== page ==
My deadline for edits on Speaking in Forked Tongues is approaching, so shit is getting real.
It's kind of bizarre to think it's going to finally be published after all this time… I've been chipping away at it over the last month or so, but I'm going to crank the volume up starting next week and get it done. There might be a slight dip in my game-related productivity over the coming days, but we'll see how it goes.
More hard info to come.
I was recently invited to be a guest on the @CaneAndRinse podcast to discuss one of my favorite titles in recent years, I Am Alive.
That episode is now up and available for your listening pleasure.
It did not disappoint.
Oh, I also covered the Vergil's Downfall DLC for DmC: Devil May Cry… in case you're curious, you can catch that as well.
Finally, I'm currently working on my review of Monster Hunter 3: Ultimate.
I wasn't able to put as much time into it as I expected because the bridging software which allows players to transfer data between the Wii U and 3DS has not been available, and apparently will not be until the day of release.
Since I'm usually able to catch a few quests here and there on a portable when I'm not in front of my TV, that was an unexpected setback.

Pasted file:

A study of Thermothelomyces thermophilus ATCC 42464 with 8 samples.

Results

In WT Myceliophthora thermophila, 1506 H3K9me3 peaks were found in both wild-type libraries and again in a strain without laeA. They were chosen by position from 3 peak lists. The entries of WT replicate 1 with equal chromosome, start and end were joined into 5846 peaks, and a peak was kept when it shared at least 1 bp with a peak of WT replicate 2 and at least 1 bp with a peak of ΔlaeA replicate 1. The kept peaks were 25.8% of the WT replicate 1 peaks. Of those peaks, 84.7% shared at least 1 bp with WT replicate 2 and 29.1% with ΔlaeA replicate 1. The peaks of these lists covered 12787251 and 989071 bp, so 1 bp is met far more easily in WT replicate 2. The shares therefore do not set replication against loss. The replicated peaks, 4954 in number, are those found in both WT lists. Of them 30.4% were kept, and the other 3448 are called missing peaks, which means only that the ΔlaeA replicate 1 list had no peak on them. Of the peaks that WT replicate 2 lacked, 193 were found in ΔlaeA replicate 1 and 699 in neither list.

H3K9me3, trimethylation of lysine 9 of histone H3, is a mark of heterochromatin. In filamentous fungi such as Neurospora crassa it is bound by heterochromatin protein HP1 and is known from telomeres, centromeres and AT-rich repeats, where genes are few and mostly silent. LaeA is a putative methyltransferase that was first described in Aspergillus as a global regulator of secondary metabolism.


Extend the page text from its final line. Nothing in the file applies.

The Monster Hunter games are all pretty huge, and it took me something like 60-70 hours to finish Monster Hunter Tri the first time—and that was doing the bare minimum stuff. Monster Hunter 3 Ultimate has added a ton more content, so there's no way anyone will be able to review it top-to-bottom unless they've been playing it for twenty hours a day since the review copies went out.
Luckily, I'm already very familiar with the series and Tri (which Monster Hunter 3 Ultimate is based on) so that helps a lot. Once I'm able to try the data transfer and log some solid time doing online quests, I'll probably call the review good.
So how is it???
Well so far, Monster Hunter 3 Ultimate has been kind of mixed bag.
Tri has never been my favorite Monster Hunter game for several reasons (Monster Hunter 3 Ultimate still owns my heart) but getting any Monster Hunter is a minor miracle these days, so I'm quite happy to have it.
On the other hand, it's been a long time since I was at square one in a Monster Hunter game, and I kinda forgot how poorly they get started… the tutorial missions are painfully boring and the lack of initial resources means that it takes several hours before you have any real options of improving your gear and getting to some exciting battles. I know it gets exciting later, but you'd never guess from how it begins.
I'm hoping that this initial slog doesn't turn potential fans off... I still think the series has a lot to offer, and I'm guessing there are a ton of people out there who would get into it if the circumstances were right. That said, it's a tough sell when the game gets off to such a dull start on top of already being pretty cryptic with explaining the systems and being limited to Nintendo hardware.
Still, fingers crossed this is the start of a good thing for more Monster Hunter in the states!